Women Writers Revisited: Kamila Shamsie on Sara Suleri

Photo for Kamila Shamsie on Sara Suleri article

Welcome to our regular feature Women Writers Revisited, a segment in which brilliant women associated with the Women’s Prize tell us the overlooked or ‘forgotten’ female writers who have inspired them. Next up, here’s fantastic 2018 Women’s Prize for Fiction winner Kamila Shamsie, on why you should discover American author and professor emeritus of English at Yale University, Sara Suleri, and in particular her memoir Meatless Days.

Read on for a chance to win one of five copies of Meatless Days, published as part of the Penguin Women Writers series.

Meatless Days was first published in 1989, when I was sixteen years old, and in all the years since I’ve struggled to find ways to adequately explain its singular brilliance to others. What’s it about? friends say when I press them to read it. Well, that’s hard to say exactly. Ok, what kind of book? Fiction or non-fiction? Non-fiction. Is it a memoir? Yes but no but yes. If a memoir, it’s the most self-effacing kind, divided into chapters that are all ultimately about people Sara Suleri has loved. Siblings and parents and friends and lovers – she turns her attention to each one in turn, her observations humorous, affectionate, razor-sharp, often exasperated, sometimes heartbroken. She is a writer who knows that you can’t separate a life from its contexts; as she’s telling us the story of her Welsh mother teaching Jane Austen in Pakistan, or her grandmother, whose most intimate relationships are with God and the Devil, she is also writing about womanhood and nation and history.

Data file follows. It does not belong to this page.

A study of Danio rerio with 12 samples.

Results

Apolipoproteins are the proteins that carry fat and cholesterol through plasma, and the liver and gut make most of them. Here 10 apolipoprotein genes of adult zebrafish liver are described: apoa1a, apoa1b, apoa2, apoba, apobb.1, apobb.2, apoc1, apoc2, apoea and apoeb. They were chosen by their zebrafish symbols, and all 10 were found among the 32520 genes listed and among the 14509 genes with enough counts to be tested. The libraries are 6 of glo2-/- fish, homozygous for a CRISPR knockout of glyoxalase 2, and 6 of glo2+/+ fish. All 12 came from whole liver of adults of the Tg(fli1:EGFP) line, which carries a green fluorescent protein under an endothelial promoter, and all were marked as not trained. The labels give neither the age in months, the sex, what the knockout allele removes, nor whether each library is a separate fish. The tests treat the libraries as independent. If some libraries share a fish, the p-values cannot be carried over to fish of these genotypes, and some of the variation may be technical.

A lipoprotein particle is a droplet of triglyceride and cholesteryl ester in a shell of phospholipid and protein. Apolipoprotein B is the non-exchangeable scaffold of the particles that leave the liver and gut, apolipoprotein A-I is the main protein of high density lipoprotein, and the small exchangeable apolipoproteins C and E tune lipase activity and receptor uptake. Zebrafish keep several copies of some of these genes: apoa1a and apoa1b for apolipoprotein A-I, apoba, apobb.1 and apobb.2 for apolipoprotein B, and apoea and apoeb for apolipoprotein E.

In a broad sense, you could say Meatless Days is a book about what people do to our lives by being in them. But if you dig deep down, it’s a book about what people do to our lives by ceasing to be in them. The deaths of Suleri’s mother and sister – both killed in distressingly similar ways, two years apart – form the heart of the book. Her sister’s death in particular gives rise to some of the more heart-shaking writing about love and grief I’ve ever read.